I go around Africa and people ask me very embarrassing questions

“I go around Africa and people ask me very embarrassing questions about this Parliament.

“I am happy that you were able to handle the House but commenting as somebody who from time to time comes to this House to participate I believe the house needs to do more to bring this house to order,” he said in his reply to the budget vote debate on the presidency.

“I go around Africa and people ask me very embarrassing questions about this Parliament.

“I thought you should know this, some are complaining particularly in this region that in the manner in which we behave in Parliament, we are changing the perceptions they have heard about us, that we are a leading example of the constitutional democracy. They are now saying you are influencing some of their people in a wrong way.”

Falling into a state of learned helplessness-passive acceptance

Thankfully, you can teach an old dog new tricks. Human brains are not fixed; neuroscience research shows that they remain plastic well into adulthood.

Biases can lead people to overlook their limitations and be overconfident of their abilities. Even when people overcome such biases and actually want to improve, they can handicap themselves by doubting their ability to change.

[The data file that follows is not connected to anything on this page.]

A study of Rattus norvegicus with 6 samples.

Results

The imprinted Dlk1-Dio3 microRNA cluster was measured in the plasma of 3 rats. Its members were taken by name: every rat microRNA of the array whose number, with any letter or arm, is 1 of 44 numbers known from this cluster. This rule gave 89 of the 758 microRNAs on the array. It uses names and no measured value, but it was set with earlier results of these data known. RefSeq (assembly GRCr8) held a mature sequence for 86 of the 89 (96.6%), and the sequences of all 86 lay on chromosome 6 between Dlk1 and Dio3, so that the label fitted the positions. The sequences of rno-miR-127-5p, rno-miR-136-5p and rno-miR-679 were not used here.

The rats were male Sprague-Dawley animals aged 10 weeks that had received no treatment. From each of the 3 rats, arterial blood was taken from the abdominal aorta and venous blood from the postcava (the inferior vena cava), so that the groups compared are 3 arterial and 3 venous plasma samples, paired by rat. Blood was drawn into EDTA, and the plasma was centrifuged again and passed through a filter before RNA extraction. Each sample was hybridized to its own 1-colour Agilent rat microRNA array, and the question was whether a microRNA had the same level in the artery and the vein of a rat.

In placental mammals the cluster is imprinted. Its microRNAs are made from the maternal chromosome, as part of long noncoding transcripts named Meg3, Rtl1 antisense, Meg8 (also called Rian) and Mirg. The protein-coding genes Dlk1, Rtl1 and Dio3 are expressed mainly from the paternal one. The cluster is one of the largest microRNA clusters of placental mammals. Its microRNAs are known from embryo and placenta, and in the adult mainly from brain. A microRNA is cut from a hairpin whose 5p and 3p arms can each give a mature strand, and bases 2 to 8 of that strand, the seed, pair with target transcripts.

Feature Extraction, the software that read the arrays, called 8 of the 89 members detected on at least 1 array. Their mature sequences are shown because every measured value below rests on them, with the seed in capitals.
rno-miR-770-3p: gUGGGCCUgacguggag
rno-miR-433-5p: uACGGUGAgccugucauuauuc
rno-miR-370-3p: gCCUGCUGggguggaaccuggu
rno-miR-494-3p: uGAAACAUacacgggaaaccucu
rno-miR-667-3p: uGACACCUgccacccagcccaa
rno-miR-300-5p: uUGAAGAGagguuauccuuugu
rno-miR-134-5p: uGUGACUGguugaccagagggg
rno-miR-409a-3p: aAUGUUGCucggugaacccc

Classic psychological research by Martin Seligman and his colleagues explained how animals and people can fall into a state of learned helplessness-passive acceptance and resignation that develops as a result of repeated exposure to negative events perceived as unavoidable.

Unconsciously, people often find themselves mimicking the emotions, behaviour, speech patterns, expressions, and moods of others without even realising that they are doing so. While role modelling is commonly associated with high-power leaders such as Abraham Lincoln and Bill Gates, it isn’t limited to people in formal positions of authority. Everyone has the power to model roles, and groups of people may exert the most powerful influence of all. No wonder TV shows have been using canned laughter for decades; believing that other people find a show funny makes us more likely to find it funny too.